Beware the ex-spouse spilling the beans to the taxman

20 October 2015

Mike Down

Last week’s matrimonial news reports have highlighted the fact that upon divorce, spouses do not always 'own up' to a full catalogue of assets held. When faced with the prospect of making a full disclosure of their monetary affairs to the Court, it is not unknown for people to find themselves in an uncomfortable position where they have been less than open with HMRC regarding their financial business dealings. Similarly, some aggrieved spouses may consider using the threat of approaching HMRC as a tactic in the divorce.

In particular, one party to the marriage may be aware that the other has certain interests offshore but will not fully comprehend them. This can lead to unnecessarily complicated and protracted correspondence involving both sides of lawyers as the sceptical non business party seeks to understand what has taken place.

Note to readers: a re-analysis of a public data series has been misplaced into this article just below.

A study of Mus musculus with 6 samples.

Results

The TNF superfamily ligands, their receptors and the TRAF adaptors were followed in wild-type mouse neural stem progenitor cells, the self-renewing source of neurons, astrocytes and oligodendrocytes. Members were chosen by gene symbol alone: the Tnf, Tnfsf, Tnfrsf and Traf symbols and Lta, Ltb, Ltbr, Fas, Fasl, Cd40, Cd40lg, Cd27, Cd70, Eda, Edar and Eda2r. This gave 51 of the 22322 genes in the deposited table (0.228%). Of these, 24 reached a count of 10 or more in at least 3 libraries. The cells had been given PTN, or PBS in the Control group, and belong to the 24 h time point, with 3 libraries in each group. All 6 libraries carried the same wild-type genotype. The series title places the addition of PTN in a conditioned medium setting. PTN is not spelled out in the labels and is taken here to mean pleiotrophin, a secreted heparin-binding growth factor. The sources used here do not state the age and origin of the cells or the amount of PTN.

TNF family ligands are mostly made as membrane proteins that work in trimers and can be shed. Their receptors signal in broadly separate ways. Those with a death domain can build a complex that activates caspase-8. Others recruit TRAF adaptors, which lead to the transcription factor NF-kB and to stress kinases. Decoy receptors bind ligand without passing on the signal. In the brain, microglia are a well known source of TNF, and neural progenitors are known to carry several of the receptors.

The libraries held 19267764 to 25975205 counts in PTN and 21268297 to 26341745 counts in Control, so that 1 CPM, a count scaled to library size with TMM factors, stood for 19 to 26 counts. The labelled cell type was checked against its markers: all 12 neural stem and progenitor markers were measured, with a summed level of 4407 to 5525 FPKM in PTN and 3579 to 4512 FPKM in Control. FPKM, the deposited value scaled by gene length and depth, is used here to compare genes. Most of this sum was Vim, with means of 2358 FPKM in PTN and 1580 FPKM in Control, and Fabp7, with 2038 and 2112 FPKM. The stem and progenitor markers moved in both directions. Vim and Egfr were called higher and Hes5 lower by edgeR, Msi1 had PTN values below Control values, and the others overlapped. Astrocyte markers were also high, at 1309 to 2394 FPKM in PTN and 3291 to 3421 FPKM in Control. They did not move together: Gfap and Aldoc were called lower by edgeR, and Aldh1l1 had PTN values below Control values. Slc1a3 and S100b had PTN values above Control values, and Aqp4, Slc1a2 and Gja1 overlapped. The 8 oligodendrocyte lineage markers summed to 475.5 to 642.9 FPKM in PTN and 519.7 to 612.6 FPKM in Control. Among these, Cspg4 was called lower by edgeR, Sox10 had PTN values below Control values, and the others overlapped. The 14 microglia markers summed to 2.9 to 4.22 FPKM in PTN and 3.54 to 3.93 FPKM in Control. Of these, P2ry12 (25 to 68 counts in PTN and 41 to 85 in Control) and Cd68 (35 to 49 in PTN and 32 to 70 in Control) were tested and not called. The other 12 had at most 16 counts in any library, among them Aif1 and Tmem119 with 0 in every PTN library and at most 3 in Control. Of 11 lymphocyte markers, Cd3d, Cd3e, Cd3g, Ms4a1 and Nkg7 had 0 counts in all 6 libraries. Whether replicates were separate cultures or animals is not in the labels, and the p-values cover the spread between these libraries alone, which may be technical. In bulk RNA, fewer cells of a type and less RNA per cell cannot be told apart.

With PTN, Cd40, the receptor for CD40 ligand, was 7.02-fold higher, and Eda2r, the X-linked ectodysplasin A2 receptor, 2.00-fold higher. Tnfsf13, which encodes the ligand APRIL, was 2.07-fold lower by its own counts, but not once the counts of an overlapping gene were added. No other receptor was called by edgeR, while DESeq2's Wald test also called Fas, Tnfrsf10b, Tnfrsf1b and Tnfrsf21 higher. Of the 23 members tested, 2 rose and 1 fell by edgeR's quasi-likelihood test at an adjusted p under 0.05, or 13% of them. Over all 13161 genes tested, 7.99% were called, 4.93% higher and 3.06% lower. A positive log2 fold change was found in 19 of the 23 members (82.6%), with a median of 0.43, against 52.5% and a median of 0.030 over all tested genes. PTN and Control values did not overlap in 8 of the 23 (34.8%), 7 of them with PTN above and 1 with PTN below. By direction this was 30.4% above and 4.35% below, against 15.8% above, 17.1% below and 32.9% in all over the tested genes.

As a result of the ever-increasing volume of information gathered by its 'CONNECT' computer system, HMRC is now obtaining extensive and detailed data about the financial affairs of UK taxpayers. This facilitates the improved risk-selection of cases ripe for investigation and there is no doubt that information from discontented spouses 'spilling the beans' will be of real interest to the department. Those with tax irregularities to disclose should act quickly to put things right as the ability to register under the Liechtenstein Disclosure Facility (LDF) comes to end on 31 December 2015. The LDF provides beneficial terms for settling past tax liabilities including immunity from criminal investigation of tax offences. This immunity applies for purely UK tax issues as well as those arising as a result of a failure to disclose overseas income and assets.

As the net closes on tax evaders, public perception now endorses the sentiment that all have a moral duty to disclose their financial affairs to HMRC and pay the right amount of tax. It could be that the threat of an impending divorce may encourage better tax behaviour. Without doubt, those with historic tax issues who are going through a divorce would be well advised to seek specialist professional assistance in making a disclosure to HMRC before the lawyers and the Court are aware of what has been going on.